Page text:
Whenever you look at guides about buying and selling stocks, they typically tell you that you should buy stocks when they are low and sell them when they are high. However, the Stock market just reached an all-time high, and if you are seeking to invest in the stock market, you might be thinking that this is not the right time to start investing. With the economy coming back and the job market beginning to stabilize, this may be the perfect time to start investing in your future.
Slow and Steady Wins the Race
The stock market is a volatile place, and it is essential to curb your emotions and anxieties when investing. Deciding to invest a steady amount throughout long-term investing will allow you to win with your investments. However, this means that you need to keep your money in the market when it is down and at its highest levels.
When the market hits new highs and the lowest of the lows, people panic and pull their money from the market. Keep in mind that there are a lot of people who are work tirelessly to improve the market and enhance the overall economy. If you keep steadily investing your money in the market, not only will you keep growing your overall investment, but you will ride through any market fluctuations.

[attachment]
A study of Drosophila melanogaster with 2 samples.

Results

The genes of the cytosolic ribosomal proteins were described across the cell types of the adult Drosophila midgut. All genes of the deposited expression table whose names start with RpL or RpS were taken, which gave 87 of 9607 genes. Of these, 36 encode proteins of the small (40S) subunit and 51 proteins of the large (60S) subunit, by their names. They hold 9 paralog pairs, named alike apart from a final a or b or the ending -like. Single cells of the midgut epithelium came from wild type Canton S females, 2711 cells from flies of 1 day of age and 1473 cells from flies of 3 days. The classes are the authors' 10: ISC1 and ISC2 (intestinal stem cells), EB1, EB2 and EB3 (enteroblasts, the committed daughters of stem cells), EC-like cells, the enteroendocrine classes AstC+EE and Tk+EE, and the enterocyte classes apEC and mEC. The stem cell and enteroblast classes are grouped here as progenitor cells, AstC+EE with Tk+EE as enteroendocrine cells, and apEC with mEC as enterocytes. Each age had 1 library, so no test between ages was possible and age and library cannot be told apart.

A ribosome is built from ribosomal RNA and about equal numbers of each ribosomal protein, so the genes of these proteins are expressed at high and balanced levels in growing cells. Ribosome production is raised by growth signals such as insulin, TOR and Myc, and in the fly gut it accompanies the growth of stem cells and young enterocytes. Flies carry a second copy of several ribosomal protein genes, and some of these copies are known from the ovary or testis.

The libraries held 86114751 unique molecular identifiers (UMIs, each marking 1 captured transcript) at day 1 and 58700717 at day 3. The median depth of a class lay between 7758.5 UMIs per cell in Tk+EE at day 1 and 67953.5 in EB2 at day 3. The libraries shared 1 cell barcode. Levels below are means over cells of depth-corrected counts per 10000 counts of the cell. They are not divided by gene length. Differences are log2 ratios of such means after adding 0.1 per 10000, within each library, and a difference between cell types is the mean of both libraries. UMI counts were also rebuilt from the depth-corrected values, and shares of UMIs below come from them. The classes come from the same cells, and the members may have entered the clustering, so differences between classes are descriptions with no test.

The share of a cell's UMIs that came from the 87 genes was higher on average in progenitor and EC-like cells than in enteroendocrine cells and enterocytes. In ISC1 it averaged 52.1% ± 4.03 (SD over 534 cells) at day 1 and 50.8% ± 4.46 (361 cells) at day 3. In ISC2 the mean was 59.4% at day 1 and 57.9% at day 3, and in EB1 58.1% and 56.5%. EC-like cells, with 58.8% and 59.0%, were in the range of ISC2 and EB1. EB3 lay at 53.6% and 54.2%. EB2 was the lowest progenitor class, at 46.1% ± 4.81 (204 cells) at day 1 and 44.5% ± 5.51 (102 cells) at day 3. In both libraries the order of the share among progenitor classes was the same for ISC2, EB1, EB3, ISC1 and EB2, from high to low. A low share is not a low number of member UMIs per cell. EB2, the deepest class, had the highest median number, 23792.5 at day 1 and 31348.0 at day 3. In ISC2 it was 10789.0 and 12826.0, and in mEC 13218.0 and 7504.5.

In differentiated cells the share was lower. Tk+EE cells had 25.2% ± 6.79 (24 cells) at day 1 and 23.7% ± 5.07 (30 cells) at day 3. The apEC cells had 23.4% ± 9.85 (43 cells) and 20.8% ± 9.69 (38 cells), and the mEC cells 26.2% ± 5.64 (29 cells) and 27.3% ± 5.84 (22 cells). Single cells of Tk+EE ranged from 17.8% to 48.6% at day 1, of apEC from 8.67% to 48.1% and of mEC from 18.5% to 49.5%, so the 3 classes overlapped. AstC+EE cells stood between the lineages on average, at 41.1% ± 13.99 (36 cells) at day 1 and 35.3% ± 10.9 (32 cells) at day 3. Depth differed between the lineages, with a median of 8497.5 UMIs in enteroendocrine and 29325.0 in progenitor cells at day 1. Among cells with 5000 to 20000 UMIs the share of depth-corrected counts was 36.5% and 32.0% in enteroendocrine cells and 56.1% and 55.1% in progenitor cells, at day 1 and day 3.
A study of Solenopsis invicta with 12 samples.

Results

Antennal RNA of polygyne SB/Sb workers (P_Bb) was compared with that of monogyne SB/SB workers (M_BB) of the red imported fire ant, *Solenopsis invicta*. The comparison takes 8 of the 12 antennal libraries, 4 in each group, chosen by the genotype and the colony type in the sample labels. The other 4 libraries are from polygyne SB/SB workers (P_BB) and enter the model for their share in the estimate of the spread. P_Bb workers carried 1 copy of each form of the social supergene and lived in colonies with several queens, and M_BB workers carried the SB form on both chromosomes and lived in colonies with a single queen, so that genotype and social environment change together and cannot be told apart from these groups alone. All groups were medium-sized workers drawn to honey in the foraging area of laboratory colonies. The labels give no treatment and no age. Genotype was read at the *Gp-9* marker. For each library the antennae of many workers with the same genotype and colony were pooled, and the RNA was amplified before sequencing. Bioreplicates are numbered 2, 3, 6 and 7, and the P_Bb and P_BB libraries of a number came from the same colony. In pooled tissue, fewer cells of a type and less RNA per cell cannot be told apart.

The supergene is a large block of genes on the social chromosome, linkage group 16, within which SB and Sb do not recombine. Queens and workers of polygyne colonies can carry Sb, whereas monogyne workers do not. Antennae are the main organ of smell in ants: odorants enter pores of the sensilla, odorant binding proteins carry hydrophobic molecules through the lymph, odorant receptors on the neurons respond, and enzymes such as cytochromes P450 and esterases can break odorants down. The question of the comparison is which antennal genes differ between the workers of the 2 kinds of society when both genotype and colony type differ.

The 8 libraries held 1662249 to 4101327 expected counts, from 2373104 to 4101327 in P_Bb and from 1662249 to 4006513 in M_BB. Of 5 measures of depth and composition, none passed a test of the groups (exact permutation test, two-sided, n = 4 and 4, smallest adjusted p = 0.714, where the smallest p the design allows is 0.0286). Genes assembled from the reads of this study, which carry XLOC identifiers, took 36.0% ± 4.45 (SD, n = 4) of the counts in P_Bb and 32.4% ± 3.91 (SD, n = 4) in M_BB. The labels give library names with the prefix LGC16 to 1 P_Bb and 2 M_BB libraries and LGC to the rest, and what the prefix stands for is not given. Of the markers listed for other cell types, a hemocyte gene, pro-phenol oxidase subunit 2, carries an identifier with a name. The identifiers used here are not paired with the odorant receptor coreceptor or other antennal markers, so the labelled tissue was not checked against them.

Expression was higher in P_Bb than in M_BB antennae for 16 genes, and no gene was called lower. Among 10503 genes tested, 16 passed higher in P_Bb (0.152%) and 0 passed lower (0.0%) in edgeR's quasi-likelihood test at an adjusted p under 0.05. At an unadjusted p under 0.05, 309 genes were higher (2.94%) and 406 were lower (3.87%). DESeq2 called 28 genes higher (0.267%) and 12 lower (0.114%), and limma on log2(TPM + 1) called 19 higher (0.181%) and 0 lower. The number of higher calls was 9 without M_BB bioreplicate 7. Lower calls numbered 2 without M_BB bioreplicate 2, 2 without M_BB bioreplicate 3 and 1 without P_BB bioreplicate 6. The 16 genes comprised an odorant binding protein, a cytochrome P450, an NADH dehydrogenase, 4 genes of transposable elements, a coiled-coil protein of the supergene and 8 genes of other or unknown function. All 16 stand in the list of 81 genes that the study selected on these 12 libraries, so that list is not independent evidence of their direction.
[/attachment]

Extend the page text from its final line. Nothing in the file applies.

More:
Avoid Owning Single Stocks
By investing all your money in single stocks or, another way to think of it, a stock of a single company, you are increasing your risk of losing funds. Single stocks are incredibly volatile, and the company’s health directly affects the price of the stock. Should the company that you invested in suddenly come upon hard times, the company can drastically decrease in value or cease to exist entirely.
Instead of investing your money in single stocks, find mutual funds with a long history of growth and good management. Yes, you will need to watch out for management fees, but you will have less risk over the long-term while your money continues to grow.
Avoid Investing Large Lump Sums
Suppose you find yourself suddenly with a large lump sum of money and are looking to invest it in the stock market. Rather than invest the whole amount at one time and hoping that it goes up in value, spread out your investment to cover six months or a year to give yourself an average cost basis. A cost basis is what it actually cost you to purchase the stocks that you own. When you average the cost basis, you factor in the highs and the market’s lows during that set time frame. An average cost basis should help you understand any future costs or gains.
Start a DRIP
A majority of stocks offer a dividend, where they offer a give back to the investor a small amount from the company’s profits. DRIP stands for Dividend Reinvestment Plan; any dividends that you receive will be reinvested with the same company. Within your portfolio, you can sign up for a DRIP, which is another way to increase your investment over time.